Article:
The mobile spectrum auction has begun, with seven bidders in the running.
The auction, which will determine which mobile operators will be able to upgrade their mobile services to 4G speeds, will see 28 lots of spectrum on offer.
These will be auctioned off in two separate bands; 800 MHz and 2.6 GHz, with a total reserve price of £1.36 billion.
Services from a range of operators are expected to launch by late spring or summer this year.
Delays to the race for 4G
The bidders were announced in December and include Telefonica, Vodafone and Everything Everywhere, currently the only 4G network operator in the United Kingdom.
The auction has faced delays due to various reasons including threats of lawsuits and difficulties with the TV switch over and the United Kingdom’s lack of 4G access has been estimated to cost the economy £1 million a day.
Ofcom gave the go ahead to Everything Everywhere to launch its 4G network after deciding consumers would benefit from early access to 4G services and there was no material risk that this would be outweighed by distortion of competition.
Ofcom said today it had designed the auction to protect competition, ensuring at least four different operators would have enough spectrum to be “credible” national 4G wholesalers.
How it’s going to go
Bids would be placed online over secure connections, using specifically designed software, the independent communications regulator said. Bidding is expected to take a number of weeks and no updates would be provided until the end of the auction, to reduce the risk of strategic bidding distorting the outcome.
The auction will be held in stages,to ensure spectrum goes to bidders who value it the most highly and would pay a competitive price, Ofcom said.
Each bidder was competing to win a combination of spectrum lots across the two bands on offer, with amounts paid varying depending on the combination of lots. The first stage has already gone ahead, where bidders eligible to win reserved spectrum (everyone except Vodafone, Telefonica and EE) could choose whether to bid for it.
The clock stage started today, where the auction goes through a number of rounds, at the start of each of which, Ofcom announced a price for each lot, and the bidders specify what combination of lots they most wanted to win at these prices. In the proceeding rounds, Ofcom would increase the prices for lots that have lots of demand, until demand matches supply and the stage ends.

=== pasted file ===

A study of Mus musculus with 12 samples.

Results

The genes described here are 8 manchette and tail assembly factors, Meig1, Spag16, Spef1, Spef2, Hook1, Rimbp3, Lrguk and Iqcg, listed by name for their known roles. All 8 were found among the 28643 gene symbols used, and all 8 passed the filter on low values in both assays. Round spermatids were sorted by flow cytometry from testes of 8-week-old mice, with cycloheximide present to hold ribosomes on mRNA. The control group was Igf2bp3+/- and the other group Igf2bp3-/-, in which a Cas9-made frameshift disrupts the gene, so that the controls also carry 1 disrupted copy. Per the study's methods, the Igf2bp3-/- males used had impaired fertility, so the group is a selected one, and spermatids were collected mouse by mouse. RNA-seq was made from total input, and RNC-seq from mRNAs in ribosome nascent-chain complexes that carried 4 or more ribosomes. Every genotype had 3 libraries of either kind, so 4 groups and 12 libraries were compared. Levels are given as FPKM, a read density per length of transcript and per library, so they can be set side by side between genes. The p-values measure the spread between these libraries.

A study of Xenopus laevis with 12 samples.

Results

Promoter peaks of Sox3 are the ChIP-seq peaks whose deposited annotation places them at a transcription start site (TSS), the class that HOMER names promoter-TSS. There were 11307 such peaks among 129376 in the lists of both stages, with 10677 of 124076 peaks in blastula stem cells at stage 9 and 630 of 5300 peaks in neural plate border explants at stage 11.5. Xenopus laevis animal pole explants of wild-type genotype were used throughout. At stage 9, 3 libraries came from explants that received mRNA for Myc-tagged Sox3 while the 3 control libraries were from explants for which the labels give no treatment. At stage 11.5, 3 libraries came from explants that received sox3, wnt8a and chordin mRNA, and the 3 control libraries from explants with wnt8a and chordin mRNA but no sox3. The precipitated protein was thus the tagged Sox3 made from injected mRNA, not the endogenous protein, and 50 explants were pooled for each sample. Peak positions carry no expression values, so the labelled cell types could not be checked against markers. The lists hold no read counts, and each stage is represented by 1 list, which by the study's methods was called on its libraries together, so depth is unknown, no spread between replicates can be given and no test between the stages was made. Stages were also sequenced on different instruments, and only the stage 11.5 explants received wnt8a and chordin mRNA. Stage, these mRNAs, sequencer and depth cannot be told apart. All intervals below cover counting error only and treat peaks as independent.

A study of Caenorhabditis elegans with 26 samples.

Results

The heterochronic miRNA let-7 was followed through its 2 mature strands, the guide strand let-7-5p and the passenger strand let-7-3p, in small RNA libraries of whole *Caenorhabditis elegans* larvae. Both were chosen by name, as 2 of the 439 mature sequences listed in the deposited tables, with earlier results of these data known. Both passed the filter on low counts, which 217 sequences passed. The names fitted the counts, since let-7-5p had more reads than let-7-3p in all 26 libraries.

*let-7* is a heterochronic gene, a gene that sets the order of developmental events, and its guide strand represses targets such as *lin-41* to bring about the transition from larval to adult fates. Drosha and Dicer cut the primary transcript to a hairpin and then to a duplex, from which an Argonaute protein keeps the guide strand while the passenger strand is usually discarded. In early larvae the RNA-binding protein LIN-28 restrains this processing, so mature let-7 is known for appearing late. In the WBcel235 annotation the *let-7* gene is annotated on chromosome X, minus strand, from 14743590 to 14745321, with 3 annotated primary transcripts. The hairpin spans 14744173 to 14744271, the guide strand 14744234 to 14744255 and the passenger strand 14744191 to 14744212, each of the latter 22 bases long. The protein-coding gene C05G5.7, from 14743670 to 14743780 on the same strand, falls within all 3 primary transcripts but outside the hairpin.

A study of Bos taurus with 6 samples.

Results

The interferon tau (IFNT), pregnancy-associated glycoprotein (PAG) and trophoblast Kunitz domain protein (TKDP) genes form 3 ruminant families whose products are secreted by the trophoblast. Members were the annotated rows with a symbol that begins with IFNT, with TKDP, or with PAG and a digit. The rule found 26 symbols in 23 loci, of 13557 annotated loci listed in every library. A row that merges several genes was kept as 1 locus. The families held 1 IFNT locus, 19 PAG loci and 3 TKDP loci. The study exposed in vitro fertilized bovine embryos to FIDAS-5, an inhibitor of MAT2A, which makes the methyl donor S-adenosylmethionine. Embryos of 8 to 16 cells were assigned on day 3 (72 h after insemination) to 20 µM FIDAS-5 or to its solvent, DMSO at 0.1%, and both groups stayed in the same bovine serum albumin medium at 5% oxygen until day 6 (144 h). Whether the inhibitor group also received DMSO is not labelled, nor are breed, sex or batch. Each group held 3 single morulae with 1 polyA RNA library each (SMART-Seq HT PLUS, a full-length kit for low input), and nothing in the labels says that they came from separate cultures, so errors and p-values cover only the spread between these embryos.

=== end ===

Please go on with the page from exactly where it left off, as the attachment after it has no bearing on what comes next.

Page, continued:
The next stage is the supplementary bid round, where bidders could supplement their existing bids with ‘best and final offers’, to avoid any spectrum lots going unsold, such as if the last price rise for a given lot had resulted in no bids.
“Ofcom will then work out which combination of all of the bids from all of the bidders has the highest total value. This will be the winning combination of bids.”
Once the winning combo of bids has been found, Ofcom will work out how much the winning bidder would pay, using the second price rule, where each successful bidder would pay the smallest amount they would have needed to bid in order to win.
“If the second price rule was not used, the bidder who values the spectrum the most might miss out by second guessing and misjudging what their competitor was bidding – leading to an inefficient outcome where the spectrum is awarded to someone who values it less.”
Finally, the assignment stage means winning bidders bid for precise frequencies of the spectrum they want, and Ofcom would determine on the basis of the bids who is assigned which frequencies, Ofcom said.
The lots are the 800 Mhz band, part of the spectrum freed up when analogue TV was turned off and good for widespread mobile coverage, and the 2.6GHz band, ideal for delivering the capacity needed for higher speeds, Ofcom said.
The two bands make up 250 MHz of additional mobile spectrum, compared with 333 MHz in use, almost doubling the amount currently available for mobile broadband services.
“This combination of low and high frequency spectrum creates the potential for 4G mobile broadband services to be widely available across the UK, while offering capacity to cope with significant demand in urban centres.”
Ofcom chief executive Ed Richards said the auction would release the raw material needed for the next wave of mobile services.
“This will change the way we consume digital media in both our personal and working lives and deliver significant benefits to millions of consumers and businesses across the country.”